By Ariel Worthy
The Birmingham Times
As a former homicide investigator with the Birmingham Police Department Chris Anderson is used to searching for the truth. That’s what he will be doing in a reality show, Reasonable Doubt, which premieres tonight at 10/9 c on the Investigation Discovery Channel.
Anderson stars alongside Melissa Lewkowicz, an attorney from Los Angeles who specializes in criminal defense. The first season will have 10 episodes, where the two will reopen cases in California, New York, Baltimore and New Orleans.
The first case revisits the conviction of Mac Phipps, a former rapper with No Limit Records. The case and investigation took place in New Orleans and gained national attention.
“This case was one of the public cases that I had a little knowledge about,” Anderson said in an interview. “A lot of high profile people in the hip hop industry have been advocating for him for years. It wasn’t until we dove into the case when I found out as much as I did when we did our investigation.”
Anderson and Lewkowicz reopen closed cases to evaluate findings and either offer the convicted family’s hope for an appeal, or confirm that their loved one really is guilty.
“We film in one week increments, and during that time we take leads that the family gives us,” he said. “They tell us five issues they had with the case. We take those issues and investigate those leads and take them even further.”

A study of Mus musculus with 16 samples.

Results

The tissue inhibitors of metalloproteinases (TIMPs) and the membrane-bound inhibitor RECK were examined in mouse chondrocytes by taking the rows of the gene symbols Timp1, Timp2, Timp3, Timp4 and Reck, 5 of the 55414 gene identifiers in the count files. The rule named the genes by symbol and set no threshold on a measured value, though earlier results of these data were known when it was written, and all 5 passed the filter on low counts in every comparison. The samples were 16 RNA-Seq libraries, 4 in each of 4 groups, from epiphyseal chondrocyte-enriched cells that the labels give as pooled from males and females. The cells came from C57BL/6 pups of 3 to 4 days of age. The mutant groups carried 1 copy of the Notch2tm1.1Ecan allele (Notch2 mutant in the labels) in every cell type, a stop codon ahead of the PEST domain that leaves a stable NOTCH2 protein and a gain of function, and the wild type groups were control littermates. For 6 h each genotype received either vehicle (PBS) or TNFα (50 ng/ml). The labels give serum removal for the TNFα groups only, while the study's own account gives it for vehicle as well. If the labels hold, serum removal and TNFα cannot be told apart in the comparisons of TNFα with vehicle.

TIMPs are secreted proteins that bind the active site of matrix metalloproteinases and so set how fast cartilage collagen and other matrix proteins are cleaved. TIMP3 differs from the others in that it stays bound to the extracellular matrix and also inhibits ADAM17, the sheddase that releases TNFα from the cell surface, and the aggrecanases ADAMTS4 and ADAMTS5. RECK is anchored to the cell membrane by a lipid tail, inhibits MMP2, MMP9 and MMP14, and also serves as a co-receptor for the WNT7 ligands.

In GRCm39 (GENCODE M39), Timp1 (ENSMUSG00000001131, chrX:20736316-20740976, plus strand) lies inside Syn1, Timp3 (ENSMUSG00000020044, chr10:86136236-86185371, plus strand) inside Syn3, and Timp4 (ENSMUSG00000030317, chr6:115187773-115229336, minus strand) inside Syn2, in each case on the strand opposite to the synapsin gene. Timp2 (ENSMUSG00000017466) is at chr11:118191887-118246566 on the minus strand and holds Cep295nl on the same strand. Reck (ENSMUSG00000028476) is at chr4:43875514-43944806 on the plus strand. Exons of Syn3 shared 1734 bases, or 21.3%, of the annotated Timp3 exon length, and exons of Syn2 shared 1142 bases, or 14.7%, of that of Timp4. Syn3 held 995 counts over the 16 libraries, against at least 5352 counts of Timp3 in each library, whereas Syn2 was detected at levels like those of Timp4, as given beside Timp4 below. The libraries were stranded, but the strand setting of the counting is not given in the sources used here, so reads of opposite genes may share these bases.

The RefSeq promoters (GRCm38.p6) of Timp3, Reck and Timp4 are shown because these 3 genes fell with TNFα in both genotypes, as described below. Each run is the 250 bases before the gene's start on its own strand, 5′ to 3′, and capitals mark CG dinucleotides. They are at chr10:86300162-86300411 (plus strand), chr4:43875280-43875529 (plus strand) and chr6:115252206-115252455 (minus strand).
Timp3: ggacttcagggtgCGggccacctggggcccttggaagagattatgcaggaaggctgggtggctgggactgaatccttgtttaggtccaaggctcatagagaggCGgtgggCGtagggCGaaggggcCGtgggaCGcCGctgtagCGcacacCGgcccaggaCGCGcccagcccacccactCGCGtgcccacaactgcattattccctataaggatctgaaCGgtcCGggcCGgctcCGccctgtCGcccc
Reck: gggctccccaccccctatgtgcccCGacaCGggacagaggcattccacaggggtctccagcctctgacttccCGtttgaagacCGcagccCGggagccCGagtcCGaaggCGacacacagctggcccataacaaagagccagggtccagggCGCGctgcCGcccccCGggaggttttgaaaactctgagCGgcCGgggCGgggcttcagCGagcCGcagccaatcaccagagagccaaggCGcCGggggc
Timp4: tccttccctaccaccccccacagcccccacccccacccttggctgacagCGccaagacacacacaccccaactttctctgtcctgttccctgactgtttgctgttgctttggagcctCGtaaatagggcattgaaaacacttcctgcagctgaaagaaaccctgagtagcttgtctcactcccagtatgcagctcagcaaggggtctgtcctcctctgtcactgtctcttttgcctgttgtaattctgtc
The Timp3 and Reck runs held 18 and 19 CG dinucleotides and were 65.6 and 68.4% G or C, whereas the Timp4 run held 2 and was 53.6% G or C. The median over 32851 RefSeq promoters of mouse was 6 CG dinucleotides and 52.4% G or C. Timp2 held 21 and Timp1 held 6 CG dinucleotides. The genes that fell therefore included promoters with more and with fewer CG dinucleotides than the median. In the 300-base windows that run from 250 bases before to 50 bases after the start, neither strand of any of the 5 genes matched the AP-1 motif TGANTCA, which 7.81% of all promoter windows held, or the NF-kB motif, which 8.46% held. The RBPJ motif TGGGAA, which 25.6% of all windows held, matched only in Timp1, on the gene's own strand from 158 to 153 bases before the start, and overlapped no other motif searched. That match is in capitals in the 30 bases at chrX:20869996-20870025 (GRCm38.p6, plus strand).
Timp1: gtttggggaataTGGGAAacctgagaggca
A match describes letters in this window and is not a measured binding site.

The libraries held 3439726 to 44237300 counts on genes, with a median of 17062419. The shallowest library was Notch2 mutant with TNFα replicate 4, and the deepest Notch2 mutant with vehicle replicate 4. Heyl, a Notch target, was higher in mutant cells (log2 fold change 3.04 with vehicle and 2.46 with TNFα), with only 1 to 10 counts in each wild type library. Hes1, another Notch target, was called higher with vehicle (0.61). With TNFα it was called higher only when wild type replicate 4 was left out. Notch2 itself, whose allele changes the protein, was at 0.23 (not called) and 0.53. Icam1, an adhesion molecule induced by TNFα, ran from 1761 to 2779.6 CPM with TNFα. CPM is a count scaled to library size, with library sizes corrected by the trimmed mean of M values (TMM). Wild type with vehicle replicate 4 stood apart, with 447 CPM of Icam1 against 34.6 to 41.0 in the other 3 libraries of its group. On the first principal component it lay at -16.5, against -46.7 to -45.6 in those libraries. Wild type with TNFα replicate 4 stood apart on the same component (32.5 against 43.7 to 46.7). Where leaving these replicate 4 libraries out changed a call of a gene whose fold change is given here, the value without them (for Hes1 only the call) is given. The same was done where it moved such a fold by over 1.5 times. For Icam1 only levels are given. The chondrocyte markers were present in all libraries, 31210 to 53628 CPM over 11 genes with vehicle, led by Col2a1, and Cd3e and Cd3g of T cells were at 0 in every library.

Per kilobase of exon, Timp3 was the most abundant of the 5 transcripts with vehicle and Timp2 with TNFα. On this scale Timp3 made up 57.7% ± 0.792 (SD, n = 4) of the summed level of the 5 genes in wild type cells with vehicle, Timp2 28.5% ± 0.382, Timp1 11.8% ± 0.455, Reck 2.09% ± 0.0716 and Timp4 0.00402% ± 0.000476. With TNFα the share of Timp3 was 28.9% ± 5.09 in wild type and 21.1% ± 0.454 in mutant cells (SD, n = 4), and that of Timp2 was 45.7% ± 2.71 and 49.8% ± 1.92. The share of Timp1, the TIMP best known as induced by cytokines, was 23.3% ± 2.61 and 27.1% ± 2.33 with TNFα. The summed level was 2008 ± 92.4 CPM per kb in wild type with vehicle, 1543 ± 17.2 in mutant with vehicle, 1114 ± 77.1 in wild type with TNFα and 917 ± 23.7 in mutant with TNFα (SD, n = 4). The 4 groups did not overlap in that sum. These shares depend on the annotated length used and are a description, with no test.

Anderson, who worked for 17 years in the Birmingham Police Department, said he wasn’t sure how the partnership with Lewkowicz would work.
“She and I worked on two different sides of the law. I thought ‘this is going to be a problem,’ but I didn’t know who she was and she didn’t know who I was,” he said.
After their first production meeting, which was the first time the two met, Anderson and Lewkowicz talked and within 30 minutes Anderson said he “found out exactly who she was and how compassionate she is for investigation of truth and justice; and that’s exactly how I am.”
“Since that moment in that 30-minute conversation, she and I have worked very well together,” he said.
Anderson said he wants the show to spark the conversation of what’s happening with criminal cases not just among African Americans. “I hope that everyone tunes in and watches the show. I hope we turn some heads and start some conversations,” he said.
This isn’t his first time on TV. He was a detective in several episodes of “The First 48” during its filming in Birmingham.
“As a homicide investigator, you’re searching for the truth, and that’s exactly the same thing we’re searching for in Reasonable Doubt,” Anderson said. “Not only are we there to free those that are wrongfully convicted, but we’re also there to deliver that hard truth to the loved ones who may be serving time with the family members who were correctly convicted of the crimes that they went to prison for.”